Agricultural Research Service

Collecting and Preserving Insects and Mites: Tools and Techniques
2 - Part 1: Equipment & Collecting Methods
3 - Part 1.10: Traps
4 - Part 1.11: Baits, Lures, and Other Attractants
5 - Part 1.12: Collecting Aquatic, Soil-Dwelling, and Ectoparasitic Insects & Mites
6 - Part 1.13: Rearing
7 - Part 2: Specimen Preservation
8 - Part 3: Mounting Specimens
9 - Part 4: Specimen Preparation
10 - Part 5: Labeling
11 - Part 6: Collection Maintenance
12 - Part 7: Packing & Shipping Specimens
13 - References
Introduction


* This manual is an updated and modified version of the USDA Misc. Publication no. 1443 published by the Agricultural Research service in 1986 and Edited by George C. Steyskal, William L. Murphy, and Edna M. Hoover. 


Because of the damage inflicted by pest species, increased knowledge of these organisms has the potential to save lives and money. Correct identification of a newly detected pest or disease vector is of utmost importance because the scientific name of an organism is the key to all known information about its morphology, its behavior and life history, and its potential threat to human welfare.

The behavior of insects and mites can be observed most easily in their natural environments. However, many species, especially the smaller ones, must be collected and properly preserved before they can be identified. Because correct identification seldom is easy, it is important that specimens be preserved in the best condition possible. The identification of a particular insect or mite usually requires examination of minute details of its anatomy with the aid of a hand lens or microscope. Some specimens may require dissection or even study with the electron microscope. If these details on a specimen are concealed, missing, or destroyed because of improper handling or preservation, identification is made difficult or impossible, and information about the species to which it belongs cannot be made available. Therefore, adequate preservation and proper labeling of specimens are essential to their identification.

The methods used to collect insects and mites are dictated by the ultimate goal of the samples collected. Insects may be collected as a hobby for personal enjoyment of their diversity and beauty. They may be collected in conjunction with school courses on biology or entomology. Specific insects groups may be sampled to assess or measure biodiversity to help identify appropriate areas to be included in reserves. Aquatic species may be used to detect changes in water quality. Pest species may be sampled to assess presence/absence or abundance in order to determine whether control measures are necessary. Specific groups or species may be collected to acquire material for biological, physiological, ecological, molecular, and systematic studies.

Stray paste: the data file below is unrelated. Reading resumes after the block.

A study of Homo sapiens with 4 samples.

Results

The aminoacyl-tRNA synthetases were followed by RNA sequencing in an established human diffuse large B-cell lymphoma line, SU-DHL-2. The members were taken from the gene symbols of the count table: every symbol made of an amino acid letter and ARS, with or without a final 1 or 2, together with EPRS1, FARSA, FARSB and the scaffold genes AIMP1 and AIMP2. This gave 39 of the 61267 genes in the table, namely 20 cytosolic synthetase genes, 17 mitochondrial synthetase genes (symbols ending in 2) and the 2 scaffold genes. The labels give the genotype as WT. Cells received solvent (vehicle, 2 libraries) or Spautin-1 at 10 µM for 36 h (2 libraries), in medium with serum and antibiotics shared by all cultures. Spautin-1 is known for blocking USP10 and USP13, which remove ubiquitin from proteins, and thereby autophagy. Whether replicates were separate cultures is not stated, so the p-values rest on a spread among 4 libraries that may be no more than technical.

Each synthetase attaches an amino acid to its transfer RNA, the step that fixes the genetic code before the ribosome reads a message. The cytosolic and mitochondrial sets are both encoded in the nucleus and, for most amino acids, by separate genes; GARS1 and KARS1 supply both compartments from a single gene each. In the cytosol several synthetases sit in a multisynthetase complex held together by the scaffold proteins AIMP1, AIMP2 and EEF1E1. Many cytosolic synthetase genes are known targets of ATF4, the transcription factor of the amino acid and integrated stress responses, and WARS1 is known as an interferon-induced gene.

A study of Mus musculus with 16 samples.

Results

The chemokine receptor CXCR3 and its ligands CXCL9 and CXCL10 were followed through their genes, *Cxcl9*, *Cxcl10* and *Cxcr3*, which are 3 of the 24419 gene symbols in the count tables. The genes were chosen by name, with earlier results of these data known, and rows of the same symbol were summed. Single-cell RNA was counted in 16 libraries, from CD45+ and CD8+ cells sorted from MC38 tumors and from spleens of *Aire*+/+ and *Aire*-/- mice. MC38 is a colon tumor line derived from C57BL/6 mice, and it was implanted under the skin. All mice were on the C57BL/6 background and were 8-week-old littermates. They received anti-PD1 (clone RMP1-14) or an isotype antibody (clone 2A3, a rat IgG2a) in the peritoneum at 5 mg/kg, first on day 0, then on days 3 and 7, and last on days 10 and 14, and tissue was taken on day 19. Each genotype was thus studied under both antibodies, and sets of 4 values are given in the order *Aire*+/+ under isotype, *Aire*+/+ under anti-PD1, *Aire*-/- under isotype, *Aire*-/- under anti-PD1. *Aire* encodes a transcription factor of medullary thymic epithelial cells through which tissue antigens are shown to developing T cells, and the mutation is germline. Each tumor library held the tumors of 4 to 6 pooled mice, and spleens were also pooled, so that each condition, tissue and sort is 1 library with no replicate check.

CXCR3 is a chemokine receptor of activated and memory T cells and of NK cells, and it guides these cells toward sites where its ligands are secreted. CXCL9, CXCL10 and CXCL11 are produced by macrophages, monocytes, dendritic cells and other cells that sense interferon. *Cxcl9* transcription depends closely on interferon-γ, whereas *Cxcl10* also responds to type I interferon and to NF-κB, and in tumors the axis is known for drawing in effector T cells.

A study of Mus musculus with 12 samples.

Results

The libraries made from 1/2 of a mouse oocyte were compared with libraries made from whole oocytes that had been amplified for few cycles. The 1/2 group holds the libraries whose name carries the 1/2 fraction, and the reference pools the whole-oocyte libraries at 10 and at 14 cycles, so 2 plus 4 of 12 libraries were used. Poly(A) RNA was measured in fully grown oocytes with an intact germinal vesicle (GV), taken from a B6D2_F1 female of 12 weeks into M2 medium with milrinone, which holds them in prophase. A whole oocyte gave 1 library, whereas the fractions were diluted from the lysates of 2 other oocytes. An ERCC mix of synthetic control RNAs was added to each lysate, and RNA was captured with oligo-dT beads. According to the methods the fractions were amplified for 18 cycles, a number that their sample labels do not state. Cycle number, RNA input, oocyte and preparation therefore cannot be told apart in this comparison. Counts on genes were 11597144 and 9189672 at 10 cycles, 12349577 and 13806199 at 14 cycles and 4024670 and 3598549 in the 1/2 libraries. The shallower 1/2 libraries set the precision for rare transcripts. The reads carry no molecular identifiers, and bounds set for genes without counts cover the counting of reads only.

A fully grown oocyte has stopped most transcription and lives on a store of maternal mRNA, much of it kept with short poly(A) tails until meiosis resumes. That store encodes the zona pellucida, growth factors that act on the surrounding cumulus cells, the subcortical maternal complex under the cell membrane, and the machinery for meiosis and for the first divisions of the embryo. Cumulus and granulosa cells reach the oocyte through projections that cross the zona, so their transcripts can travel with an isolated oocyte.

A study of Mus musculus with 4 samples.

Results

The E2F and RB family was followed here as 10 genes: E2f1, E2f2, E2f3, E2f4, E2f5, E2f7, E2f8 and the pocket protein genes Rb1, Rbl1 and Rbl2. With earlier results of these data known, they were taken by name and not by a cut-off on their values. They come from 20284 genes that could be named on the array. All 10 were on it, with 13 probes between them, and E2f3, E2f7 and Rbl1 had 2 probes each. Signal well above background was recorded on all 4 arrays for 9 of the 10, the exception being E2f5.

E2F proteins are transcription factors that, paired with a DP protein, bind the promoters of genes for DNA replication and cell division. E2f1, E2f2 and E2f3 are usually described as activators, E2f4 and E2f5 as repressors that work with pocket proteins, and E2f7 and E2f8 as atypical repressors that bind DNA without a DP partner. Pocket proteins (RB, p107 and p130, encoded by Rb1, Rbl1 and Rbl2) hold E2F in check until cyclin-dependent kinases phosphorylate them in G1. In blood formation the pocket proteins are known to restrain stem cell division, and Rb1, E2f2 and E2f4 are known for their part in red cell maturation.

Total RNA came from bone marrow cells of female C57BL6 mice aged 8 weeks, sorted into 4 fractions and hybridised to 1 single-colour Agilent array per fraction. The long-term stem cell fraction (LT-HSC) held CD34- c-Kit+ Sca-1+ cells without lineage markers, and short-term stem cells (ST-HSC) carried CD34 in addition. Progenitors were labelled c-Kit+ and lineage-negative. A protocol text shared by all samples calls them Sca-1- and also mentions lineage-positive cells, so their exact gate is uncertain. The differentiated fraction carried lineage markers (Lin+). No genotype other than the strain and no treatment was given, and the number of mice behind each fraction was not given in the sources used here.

This manual provides a summary of the methods and techniques used by professionals and amateurs alike to collect and preserve specimens for study. While many of the methods covered here, such as pinning, have changed very little in the last hundred years, other techniques have become available only in the last few years or decades with advancing technologies. Older manuals such as Steyskal et al. (1986), Martin (1977) and Upton (1991) while still useful will not cover such these as preservation for molecular studies. In addition, most of these older publications are now out of print and may be difficult to find.

What to Collect

Because of their incredible diversity, insects, mites, and other related groups vary widely as to their proper collecting requirements and methods. In the following sections, we will explore some of the many recommended techniques and look at the varied equipment used by collectors. The emphasis will be on insects and mites, but much of what is included here will also pertain to other related groups such as spiders.

Which species and how many specimens to collect depends on the purpose for which the material is intended. For hobbyists and students, small samples are usually adequate. However, when important pest insects and mites need to be identified, they should be collected in series if at all feasible. A sample of 20 specimens should be considered the minimum, and even larger numbers may be desirable. If adults and immatures are present, specimens should be collected of all life stages. Excess specimens can be discarded or exchanged, but it is not always possible to collect additional specimens when needed. Frequently insects and mites cannot be identified accurately from immature stages, and it is then necessary to rear them to the adult stage to obtain a precise identification. Photographers should collect the specimens they photograph if positive identification is desired; minute, critical diagnostic characters often are not depicted in photographs. If specimens are destined for display cases that portray them in their natural habitats, it may be important to collect a sample of the host plant for the display.

Many persons starting a collection attempt to collect every specimen they find. Biology students in high school and college are often required to collect specimens from as many orders or groups as possible. The experience and knowledge gained in making a general collection are of value in helping the collector decide on a specialty. However, with so many different kinds of insects from which to choose-over 100,000 described species in North America alone-most persons find that as their skills and interests increase, concentrating eventually on 1 or 2 of the major insect or mite groups is desirable. Specimens other than those in a chosen group may still be collected for exchange with other collectors.

References: Lewis & Taylor 1965; Seber 1973; Barrowclough 1992.